Many of us are looking for ways to help the people of Haiti, even from far away. Here are some resources:
-- The State Department's DipNote blog writes that "for those interesting in helping immediately, simply text 'HAITI' to '90999' and a donation of $10 will be given automatically to the Red Cross to help with relief efforts, charged to your cell phone bill. Or you can go online to organizations like the Red Cross and Mercy Corps Mercy Corps to make a contribution to the disaster relief efforts."
-- The American Red Cross has posted more information about its efforts and how to donate here.
-- Mercy Corps' online donations page is here.
-- It's Just Light, a blog by photographer Nick Zantop, has collected a long list of aid organizations and how to donate money to them here.
-- CBSNews.com has its list of aid groups here.
-- Musician Wyclef Jean, who's from Haiti, says if you text "Yele" to 501501, you'll automatically be donating $5 to the Yele Haiti Earthquake Fund. The charge will show up on your phone bill. You can find out more about Yele here.
Our coverage of the disaster began here yesterday, and will continue throughout today. NPR.org's coverage begins here.
Morning Edition had extensive coverage of the story, including this report with eyewitness accounts:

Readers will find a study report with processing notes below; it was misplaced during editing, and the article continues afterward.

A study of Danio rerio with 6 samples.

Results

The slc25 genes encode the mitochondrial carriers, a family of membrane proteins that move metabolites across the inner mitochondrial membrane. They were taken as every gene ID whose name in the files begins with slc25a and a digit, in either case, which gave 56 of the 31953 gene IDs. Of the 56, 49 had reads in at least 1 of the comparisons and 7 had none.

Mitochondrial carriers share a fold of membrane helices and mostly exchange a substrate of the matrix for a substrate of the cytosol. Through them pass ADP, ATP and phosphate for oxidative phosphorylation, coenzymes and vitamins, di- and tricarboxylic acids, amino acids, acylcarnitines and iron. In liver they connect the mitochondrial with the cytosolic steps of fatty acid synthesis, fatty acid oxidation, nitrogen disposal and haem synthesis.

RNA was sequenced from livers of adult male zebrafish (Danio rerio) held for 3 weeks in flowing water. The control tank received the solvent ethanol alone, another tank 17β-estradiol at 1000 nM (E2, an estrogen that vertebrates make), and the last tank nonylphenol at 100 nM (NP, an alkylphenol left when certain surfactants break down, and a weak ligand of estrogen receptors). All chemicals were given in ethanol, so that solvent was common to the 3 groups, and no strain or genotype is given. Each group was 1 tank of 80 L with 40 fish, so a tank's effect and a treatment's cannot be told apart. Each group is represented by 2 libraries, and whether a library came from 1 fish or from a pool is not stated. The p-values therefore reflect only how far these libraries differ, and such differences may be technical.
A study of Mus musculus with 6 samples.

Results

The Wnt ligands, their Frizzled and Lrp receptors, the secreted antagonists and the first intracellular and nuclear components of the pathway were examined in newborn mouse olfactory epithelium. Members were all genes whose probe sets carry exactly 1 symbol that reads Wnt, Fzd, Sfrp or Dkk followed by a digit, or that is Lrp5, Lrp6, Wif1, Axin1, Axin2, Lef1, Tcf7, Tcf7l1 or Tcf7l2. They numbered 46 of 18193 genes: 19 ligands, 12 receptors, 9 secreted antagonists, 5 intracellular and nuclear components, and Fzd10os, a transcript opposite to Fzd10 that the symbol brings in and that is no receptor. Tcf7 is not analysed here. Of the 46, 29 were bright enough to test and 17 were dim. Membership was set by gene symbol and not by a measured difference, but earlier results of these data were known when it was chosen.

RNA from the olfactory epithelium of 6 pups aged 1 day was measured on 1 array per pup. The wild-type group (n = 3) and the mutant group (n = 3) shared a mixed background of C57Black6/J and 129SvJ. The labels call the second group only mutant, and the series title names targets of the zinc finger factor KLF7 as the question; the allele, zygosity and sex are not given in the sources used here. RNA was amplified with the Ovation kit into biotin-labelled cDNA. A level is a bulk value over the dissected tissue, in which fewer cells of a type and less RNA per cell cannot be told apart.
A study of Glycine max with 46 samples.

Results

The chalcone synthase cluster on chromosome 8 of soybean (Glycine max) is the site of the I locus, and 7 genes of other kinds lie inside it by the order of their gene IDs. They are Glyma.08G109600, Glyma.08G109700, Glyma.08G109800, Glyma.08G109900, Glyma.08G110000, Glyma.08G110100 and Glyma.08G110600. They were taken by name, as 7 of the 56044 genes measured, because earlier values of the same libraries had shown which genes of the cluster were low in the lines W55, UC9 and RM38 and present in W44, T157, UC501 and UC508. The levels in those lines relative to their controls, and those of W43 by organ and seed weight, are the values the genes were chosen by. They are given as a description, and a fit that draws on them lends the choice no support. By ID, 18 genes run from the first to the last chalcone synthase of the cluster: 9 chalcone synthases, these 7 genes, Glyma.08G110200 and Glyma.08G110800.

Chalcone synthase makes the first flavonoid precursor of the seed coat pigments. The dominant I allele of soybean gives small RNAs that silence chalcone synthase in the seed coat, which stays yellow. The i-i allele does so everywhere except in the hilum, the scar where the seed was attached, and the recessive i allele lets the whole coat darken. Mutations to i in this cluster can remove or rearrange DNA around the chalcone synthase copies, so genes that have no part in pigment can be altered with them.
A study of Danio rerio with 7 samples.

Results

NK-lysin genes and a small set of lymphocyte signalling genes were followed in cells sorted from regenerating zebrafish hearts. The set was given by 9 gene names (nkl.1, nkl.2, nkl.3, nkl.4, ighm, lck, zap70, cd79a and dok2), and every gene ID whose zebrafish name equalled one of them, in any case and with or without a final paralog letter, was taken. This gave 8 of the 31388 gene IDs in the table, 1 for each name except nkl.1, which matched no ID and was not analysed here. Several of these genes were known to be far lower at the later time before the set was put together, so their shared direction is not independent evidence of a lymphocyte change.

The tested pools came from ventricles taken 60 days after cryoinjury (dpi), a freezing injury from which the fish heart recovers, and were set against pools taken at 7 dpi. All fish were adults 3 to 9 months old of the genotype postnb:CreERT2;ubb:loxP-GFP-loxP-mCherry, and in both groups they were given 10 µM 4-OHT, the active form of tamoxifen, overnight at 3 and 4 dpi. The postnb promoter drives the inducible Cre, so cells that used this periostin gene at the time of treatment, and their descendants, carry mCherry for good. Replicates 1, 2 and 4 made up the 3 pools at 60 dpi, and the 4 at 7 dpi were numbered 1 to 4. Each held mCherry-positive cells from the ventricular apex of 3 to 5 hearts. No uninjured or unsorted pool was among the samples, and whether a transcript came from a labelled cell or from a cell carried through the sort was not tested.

Update at 2:45 p.m. ET: And for another list of aid groups working in Haiti, there's this one from InterAction, a "coalition of U.S.-based international nongovernmental organizations."
Update at 1:55 p.m. ET: And as another commenter points out, another international aid group that's working in Haiti is Oxfam.
Also, the International Rescue Committee is sending its emergency response team to Haiti. And the Salvation Army is mobilizing, as is the American Jewish World Service. The World Food Program is active too.
(It's worth noting again that NPR and The Two-Way are not endorsing any single aid group. We're passing on information about large, international organizations that are lending assistance. It's always a good idea to check such groups out yourself -- CharityNavigator.org and NetworkForGood.org have tools to help do that. I see, by the way, that folks are using the comments thread of this post to suggest their favorite charities. There may be some in that thread you might want to consider.)
Update at 1:15 p.m. ET: As commenter Melanie M notes below, CARE is also active in Haiti.
Update at 8:40 a.m. ET. Another suggestion, from NPR's Scott Hensley (who blogs at Shots):
-- Partners In Health.
Here's a 2003 NPR report about that group's founder, Dr. Paul Farmer.
Update at 8:25 a.m. ET. NPR social media strategist Andy Carvin adds this:
A number of people have asked NPR about how they can make donations to charities involved in earthquake relief efforts. International charities are just beginning to ramp up their efforts in Haiti. If you're looking to give money to help these relief activities, we've compiled a list of some of the larger, established international aid organizations responding to the disaster:
NPR is not endorsing or vouching for any of these groups. The list is just a starting point for you and your own research. There are a number of online tools available for evaluating charities and making donations to a broader range of NGOs, including CharityNavigator.org and NetworkForGood.org.